I’ve written before about my frustration with presentations and meetings in French companies (or at least, French oil companies). I’m rather pleased to say that my experience in my new outfit has been rather different.
That’s not to say everything got off to a great start: halfway through my third day I was hauled into a small meeting room by my boss and the HR lady who both had serious looks on their faces. I won’t go into details, but I was rather relieved to find 1) I’d done nothing wrong and 2) it had nothing to do with my blog. But other than perhaps the first six months in Lagos, when I had a superb French boss, this is possibly the first job I’ve had in a long time where I’m not treated like someone who’s arrived fresh from the field of a fuckwit farm. The method of distributing work seems to run along the lines of, “You see that job there? Get on with it.” Whereas I’m more used to being told what bullet points to add to a slide and how to make what I’ve written sound more stupid.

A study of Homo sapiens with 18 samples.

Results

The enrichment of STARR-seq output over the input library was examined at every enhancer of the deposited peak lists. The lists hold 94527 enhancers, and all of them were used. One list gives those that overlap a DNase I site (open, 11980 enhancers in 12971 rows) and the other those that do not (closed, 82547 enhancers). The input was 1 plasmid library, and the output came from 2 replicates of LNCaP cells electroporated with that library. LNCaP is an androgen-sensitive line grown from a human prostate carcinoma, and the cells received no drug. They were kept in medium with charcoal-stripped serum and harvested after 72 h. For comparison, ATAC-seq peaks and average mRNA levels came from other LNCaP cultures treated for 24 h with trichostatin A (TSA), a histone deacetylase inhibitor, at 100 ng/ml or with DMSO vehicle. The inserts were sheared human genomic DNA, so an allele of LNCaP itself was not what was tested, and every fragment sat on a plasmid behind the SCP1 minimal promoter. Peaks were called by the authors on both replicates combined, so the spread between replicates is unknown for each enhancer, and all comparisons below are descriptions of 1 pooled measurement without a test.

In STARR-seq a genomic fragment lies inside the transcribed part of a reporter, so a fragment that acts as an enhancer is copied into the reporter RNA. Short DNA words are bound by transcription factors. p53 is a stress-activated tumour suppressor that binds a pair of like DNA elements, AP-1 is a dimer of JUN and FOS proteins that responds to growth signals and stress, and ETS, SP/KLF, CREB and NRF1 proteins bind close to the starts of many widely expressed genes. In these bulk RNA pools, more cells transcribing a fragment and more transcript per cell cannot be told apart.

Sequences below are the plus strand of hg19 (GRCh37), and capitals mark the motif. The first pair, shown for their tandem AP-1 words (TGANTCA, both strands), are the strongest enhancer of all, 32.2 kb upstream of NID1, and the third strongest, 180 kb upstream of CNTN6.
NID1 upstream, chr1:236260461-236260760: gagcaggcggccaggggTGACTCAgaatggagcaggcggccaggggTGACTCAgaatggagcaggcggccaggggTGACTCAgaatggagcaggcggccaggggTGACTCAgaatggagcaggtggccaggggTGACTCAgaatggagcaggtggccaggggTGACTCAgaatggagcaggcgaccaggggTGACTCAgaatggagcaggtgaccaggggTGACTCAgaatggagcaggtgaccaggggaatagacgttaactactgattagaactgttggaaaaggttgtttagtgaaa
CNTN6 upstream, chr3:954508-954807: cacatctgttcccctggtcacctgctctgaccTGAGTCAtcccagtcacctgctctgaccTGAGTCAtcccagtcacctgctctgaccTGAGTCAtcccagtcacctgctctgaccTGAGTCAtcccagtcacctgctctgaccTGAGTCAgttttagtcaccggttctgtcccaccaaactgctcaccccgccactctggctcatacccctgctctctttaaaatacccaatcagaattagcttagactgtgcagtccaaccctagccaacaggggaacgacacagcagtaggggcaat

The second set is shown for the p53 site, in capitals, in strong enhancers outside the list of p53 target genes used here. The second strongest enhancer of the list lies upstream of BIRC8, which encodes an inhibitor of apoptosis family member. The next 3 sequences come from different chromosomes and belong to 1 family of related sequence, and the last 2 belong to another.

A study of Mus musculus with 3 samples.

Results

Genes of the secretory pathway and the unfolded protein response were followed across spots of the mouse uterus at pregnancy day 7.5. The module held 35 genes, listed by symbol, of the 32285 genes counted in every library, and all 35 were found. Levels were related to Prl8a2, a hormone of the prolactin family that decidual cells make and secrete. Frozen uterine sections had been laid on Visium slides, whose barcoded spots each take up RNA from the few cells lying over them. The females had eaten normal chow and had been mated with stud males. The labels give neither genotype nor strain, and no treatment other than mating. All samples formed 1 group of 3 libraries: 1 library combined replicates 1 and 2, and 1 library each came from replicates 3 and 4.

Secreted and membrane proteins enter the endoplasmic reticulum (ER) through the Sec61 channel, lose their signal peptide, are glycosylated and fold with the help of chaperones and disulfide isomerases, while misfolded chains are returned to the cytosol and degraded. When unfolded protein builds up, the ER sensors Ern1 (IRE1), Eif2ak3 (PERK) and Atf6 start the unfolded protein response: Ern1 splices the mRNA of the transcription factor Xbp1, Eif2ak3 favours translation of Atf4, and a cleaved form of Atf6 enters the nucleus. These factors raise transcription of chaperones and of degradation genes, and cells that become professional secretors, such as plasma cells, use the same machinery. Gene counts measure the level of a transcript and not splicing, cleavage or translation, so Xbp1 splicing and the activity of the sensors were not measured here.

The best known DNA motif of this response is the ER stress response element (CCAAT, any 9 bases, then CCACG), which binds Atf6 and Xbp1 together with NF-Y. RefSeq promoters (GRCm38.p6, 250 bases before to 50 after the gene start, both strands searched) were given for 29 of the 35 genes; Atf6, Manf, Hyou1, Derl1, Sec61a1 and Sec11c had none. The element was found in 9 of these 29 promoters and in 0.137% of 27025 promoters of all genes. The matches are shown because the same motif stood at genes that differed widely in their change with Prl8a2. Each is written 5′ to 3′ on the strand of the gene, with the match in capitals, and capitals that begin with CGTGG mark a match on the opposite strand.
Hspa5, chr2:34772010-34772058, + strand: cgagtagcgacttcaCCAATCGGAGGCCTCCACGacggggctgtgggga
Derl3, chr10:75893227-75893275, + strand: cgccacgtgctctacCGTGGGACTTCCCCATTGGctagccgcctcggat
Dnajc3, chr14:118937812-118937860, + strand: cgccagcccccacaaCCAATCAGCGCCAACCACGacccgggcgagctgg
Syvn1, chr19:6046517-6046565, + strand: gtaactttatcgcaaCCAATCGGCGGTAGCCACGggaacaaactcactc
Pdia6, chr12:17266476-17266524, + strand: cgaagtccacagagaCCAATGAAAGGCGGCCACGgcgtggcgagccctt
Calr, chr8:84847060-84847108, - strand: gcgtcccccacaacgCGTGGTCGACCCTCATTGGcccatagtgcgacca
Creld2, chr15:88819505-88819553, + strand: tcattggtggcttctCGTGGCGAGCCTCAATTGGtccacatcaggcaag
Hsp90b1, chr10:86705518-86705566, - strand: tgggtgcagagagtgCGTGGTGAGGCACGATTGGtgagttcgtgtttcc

Now it might not just be the switch from France to England that explains this; after all, my new boss is French. It is probably as much down to my moving from an oil company – which has the efficiency of a Soviet toaster factory but the income of a warehouse of oligarchs – to a firm on the cutting edge of technology with demanding customers. Whatever the reason, when we have meetings the chairman cuts in if people start drifting off topic or the discussion goes on too long, and five minutes before the end everyone is told to wrap it up because the meeting will end on time. If there’s something on a screen, it’s a handful of slides. Often it’s just half a page.
It’s nice not to feel completely useless for a change. Alas, such utilisation leaves me with little time to blog. This must be what psychologists mean when they say people are conflicted.